Rådhusstræde? Møntergade? Rosenborggade? If these street names seem unpronounceable to you, fear no more. Two foreign design students have come up with a device that will make them speak themselves loud and clear.
In what was originally a short-deadline school project, Momo Miyazaki, 22, and Andrew Spitz, 30, of the Copenhagen Institute of Interaction Design, produced a video that has gone viral all over Copenhagen and abroad. The video shows the pair as they design and build a device that pronounces the complicated street names, making it easier for non-Danish speakers to grasp.
The devices, consisting of a speaker linked to a luminous panel placed above the street name, spells out the name syllable by syllable, as delighted bystanders stand in awe. As the sound is relayed to the speaker, the panel highlights the syllable which is being pronounced.
The video, branded ‘WTPh? – What the Phonics’ and available on Vimeo, has been watched no less than 24,000 times since it was first uploaded on Sunday. It was even mentioned in The Economist.
Both Miyazaki, an American, and Spitz, from France, were surprised by the success of their final product.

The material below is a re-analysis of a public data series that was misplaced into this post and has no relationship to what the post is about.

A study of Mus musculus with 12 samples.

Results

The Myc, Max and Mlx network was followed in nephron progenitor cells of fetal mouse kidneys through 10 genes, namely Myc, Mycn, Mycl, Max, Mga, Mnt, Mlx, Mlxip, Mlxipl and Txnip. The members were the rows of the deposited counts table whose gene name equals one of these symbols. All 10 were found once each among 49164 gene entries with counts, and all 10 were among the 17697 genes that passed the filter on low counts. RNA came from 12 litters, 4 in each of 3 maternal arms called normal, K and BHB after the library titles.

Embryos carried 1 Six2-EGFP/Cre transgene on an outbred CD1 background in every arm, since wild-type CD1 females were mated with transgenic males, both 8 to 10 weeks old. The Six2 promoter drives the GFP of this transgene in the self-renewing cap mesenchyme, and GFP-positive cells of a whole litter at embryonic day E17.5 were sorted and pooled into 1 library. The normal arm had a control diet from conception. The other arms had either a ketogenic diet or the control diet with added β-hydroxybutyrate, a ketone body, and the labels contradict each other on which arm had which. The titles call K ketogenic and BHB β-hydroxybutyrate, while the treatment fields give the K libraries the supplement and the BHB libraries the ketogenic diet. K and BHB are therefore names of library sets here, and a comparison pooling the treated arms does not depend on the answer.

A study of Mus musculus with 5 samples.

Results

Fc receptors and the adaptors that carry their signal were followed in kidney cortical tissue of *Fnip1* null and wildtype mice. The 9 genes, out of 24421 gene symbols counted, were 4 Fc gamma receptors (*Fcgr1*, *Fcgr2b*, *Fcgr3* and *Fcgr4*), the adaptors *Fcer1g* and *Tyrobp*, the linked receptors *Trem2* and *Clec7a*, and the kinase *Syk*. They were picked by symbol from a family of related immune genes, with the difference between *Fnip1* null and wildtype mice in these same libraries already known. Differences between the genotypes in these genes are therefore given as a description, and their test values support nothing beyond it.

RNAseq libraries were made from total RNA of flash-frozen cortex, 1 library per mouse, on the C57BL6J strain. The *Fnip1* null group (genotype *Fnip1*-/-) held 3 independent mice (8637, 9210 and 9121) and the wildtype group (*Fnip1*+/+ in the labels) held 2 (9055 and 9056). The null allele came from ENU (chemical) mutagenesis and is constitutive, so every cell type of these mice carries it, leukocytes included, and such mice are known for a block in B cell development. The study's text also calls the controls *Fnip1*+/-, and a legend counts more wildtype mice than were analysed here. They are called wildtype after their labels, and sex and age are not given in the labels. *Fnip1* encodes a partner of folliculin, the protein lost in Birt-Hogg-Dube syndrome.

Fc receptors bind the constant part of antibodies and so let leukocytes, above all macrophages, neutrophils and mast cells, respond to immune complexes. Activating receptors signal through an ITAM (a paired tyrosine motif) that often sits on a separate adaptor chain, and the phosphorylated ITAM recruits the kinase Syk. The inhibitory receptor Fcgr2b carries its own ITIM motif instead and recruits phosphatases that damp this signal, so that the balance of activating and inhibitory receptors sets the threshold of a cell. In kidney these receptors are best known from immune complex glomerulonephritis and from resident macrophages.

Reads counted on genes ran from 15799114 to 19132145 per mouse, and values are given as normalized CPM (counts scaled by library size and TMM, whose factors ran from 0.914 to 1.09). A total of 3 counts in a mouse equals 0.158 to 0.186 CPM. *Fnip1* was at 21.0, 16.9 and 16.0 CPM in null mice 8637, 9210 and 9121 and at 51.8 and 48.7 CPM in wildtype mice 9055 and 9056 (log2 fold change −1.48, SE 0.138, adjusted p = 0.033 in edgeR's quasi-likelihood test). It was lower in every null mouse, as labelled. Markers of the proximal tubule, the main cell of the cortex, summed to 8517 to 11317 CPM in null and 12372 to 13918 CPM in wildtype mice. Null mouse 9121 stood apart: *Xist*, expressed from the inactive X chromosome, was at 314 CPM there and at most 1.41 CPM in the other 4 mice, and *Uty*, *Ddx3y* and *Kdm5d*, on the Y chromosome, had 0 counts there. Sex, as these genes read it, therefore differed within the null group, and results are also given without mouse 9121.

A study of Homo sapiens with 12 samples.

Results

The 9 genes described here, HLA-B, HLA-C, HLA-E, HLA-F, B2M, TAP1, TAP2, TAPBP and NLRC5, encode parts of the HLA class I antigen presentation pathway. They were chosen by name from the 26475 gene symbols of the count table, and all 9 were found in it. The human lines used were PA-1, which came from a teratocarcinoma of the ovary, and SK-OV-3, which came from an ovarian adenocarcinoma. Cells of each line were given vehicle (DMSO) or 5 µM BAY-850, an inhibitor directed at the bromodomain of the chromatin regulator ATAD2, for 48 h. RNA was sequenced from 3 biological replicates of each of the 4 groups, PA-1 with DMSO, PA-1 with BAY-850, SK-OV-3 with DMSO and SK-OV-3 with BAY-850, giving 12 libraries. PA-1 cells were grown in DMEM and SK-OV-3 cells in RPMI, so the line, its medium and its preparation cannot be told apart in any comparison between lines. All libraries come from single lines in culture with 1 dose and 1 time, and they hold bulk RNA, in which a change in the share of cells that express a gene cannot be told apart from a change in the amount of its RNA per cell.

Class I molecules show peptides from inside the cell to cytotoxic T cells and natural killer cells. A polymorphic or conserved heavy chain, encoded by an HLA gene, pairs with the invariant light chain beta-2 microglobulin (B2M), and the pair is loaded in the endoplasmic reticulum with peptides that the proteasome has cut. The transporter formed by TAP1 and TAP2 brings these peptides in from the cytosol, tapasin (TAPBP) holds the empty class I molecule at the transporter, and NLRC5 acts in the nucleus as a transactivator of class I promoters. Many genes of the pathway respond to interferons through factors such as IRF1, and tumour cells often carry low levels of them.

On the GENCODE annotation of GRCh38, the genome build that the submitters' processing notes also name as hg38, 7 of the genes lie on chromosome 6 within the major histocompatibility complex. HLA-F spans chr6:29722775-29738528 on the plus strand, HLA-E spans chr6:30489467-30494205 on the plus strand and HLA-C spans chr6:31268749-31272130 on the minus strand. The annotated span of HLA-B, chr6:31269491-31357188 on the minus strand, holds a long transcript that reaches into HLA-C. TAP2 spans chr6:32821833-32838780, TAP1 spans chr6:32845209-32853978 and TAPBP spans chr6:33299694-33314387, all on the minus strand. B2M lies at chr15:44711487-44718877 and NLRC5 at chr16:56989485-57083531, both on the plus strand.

“We are still kind of dumbstruck by the success of the video,” Myazaki said.
“It’s surprising how a simple idea with such a simple execution can become popular so quickly”, said Spitz. “It shows that people are to keen to interact with their own city.”
The pair’s project called for them to “make an intervention to improve the quality of life in Copenhagen through design”, according to Miyazaki. The idea for the signs came about as they were brainstorming for their project at a café, recalled Spitz, when suddenly, they looked at a street name, and laughed at their inability to pronounce it.
“Since our studies are really intense,” Miyazaki explained, “we haven’t had time to learn Danish, so we get embarrassed to have to ask for things in English all the time.”
Since the video was shot, however, the pair have removed the devices from the three streets where they had placed them, all located in the area around the Strøget walking street, in central Copenhagen.
“It was only a five-day project”, explained Spitz, “we didn’t think of waterproofing [the devices], we didn’t think of the legal aspects, so we couldn’t make it permanent. But who knows? Maybe the city is interested.”
Many tourists might find it a precious tool when facing the arduous task of having to ask for directions.